Think that having a trademark registration makes it impenetrable to attack? Think again. A trademark registration will be vulnerable to attack if it is not being used properly. In these cases, simply renewing a trademark each 10 years will not provide indefinite protection on its own. There must be use of the mark in the relevant sense to maintain the right to a trademark registration.
Recently, the brand “Morgan Grenfell” came under attack, when a former employee of the London-based investment bank registered the name as a new company name at the UK equivalent of ASIC. The trademark is currently registered to Deutsche Bank, which acquired Morgan Grenfell in 1990, however the brand name is no longer used, and appears to have not been used for some time. The former employee seems to have targeted this name for being famous once upon a time, knowing that it hadn’t been used for a number of years. Indeed, there appears to be somewhat of a growing trend of new entrepreneurs grabbing unused trademarks…. So beware!
In Australia, if a trademark is not used for a continuous period of 3 years, the ownership of the mark is vulnerable to attack. So if you’ve got a registered trademark, make sure that you’re continuing to use your mark in trade. Instances we see quite regularly involved trademark registrations for logos that then change over time – so be especially careful if your trademark registration is for a logo that has or might change.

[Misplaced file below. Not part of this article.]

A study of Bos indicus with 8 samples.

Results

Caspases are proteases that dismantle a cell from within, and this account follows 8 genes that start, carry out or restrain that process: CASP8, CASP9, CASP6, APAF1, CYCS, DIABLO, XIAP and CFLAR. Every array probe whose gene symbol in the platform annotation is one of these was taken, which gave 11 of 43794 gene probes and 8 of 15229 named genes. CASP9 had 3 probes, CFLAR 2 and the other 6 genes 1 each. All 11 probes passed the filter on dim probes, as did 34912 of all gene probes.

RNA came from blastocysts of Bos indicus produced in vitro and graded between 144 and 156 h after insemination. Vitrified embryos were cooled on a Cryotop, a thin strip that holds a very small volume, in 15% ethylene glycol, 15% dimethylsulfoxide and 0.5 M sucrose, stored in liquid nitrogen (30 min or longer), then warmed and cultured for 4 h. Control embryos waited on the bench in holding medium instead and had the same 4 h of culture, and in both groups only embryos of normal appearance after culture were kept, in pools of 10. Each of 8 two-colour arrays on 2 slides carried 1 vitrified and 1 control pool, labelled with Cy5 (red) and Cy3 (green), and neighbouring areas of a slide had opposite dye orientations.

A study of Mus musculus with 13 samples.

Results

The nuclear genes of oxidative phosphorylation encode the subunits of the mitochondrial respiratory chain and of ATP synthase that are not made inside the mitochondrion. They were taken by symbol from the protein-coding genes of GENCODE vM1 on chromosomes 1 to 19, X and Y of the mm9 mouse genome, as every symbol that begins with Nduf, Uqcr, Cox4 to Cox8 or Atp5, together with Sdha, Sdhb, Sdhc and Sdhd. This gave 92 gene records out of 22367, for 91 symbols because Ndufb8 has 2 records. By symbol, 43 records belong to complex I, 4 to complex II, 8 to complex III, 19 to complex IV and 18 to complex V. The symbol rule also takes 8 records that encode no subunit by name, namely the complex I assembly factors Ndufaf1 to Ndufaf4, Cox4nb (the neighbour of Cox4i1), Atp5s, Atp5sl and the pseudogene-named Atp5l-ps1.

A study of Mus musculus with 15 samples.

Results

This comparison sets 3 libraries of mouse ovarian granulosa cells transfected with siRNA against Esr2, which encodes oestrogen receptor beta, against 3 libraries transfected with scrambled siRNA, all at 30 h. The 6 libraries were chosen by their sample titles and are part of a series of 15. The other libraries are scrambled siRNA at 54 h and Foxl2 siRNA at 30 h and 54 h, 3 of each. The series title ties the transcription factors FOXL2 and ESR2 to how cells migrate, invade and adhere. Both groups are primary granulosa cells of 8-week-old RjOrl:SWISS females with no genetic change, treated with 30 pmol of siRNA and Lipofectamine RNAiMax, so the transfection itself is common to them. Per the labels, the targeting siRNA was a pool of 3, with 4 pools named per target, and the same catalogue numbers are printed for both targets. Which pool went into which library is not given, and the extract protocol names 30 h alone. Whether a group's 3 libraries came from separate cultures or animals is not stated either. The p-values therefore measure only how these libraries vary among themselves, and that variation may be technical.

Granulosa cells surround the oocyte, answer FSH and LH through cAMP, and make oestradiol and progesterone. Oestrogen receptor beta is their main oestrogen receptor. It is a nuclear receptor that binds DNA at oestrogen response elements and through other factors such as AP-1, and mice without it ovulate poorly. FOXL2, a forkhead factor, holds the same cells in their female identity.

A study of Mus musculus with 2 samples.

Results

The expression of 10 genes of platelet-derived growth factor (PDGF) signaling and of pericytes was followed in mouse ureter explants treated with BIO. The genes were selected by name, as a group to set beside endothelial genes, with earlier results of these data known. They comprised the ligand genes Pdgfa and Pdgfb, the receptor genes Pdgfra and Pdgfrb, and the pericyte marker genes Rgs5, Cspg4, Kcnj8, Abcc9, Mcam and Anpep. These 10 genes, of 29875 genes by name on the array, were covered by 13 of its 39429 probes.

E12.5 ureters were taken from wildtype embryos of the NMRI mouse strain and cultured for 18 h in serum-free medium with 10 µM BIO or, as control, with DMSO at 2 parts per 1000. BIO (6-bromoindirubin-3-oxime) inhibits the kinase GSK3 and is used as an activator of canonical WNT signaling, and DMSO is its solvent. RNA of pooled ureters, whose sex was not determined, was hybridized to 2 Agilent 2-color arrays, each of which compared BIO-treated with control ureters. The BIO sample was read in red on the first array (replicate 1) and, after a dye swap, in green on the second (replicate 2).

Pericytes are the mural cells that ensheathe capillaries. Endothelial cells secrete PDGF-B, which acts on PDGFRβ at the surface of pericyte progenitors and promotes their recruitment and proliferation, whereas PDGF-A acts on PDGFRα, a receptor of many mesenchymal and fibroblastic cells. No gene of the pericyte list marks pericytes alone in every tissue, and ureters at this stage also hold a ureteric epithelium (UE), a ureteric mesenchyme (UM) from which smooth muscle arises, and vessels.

If you would like advice about registering your trademark or otherwise protecting your marketing spend, or if you are worried about whether you have the best protection for your marks, send us an email enquiry to [email protected] and we will organise a time to talk with you about your mark and to answer any questions you might have. We also provide a number of free information resources, so just drop us a line and we would be more than happy to send them through to you.
Disclaimer: The material contained on this website is provided for general information purposes only and does not constitute legal advice. You should not depend upon any information appearing on this website without seeking legal advice. We do not guarantee that the contents of this website will be accurate, complete or up-to-date.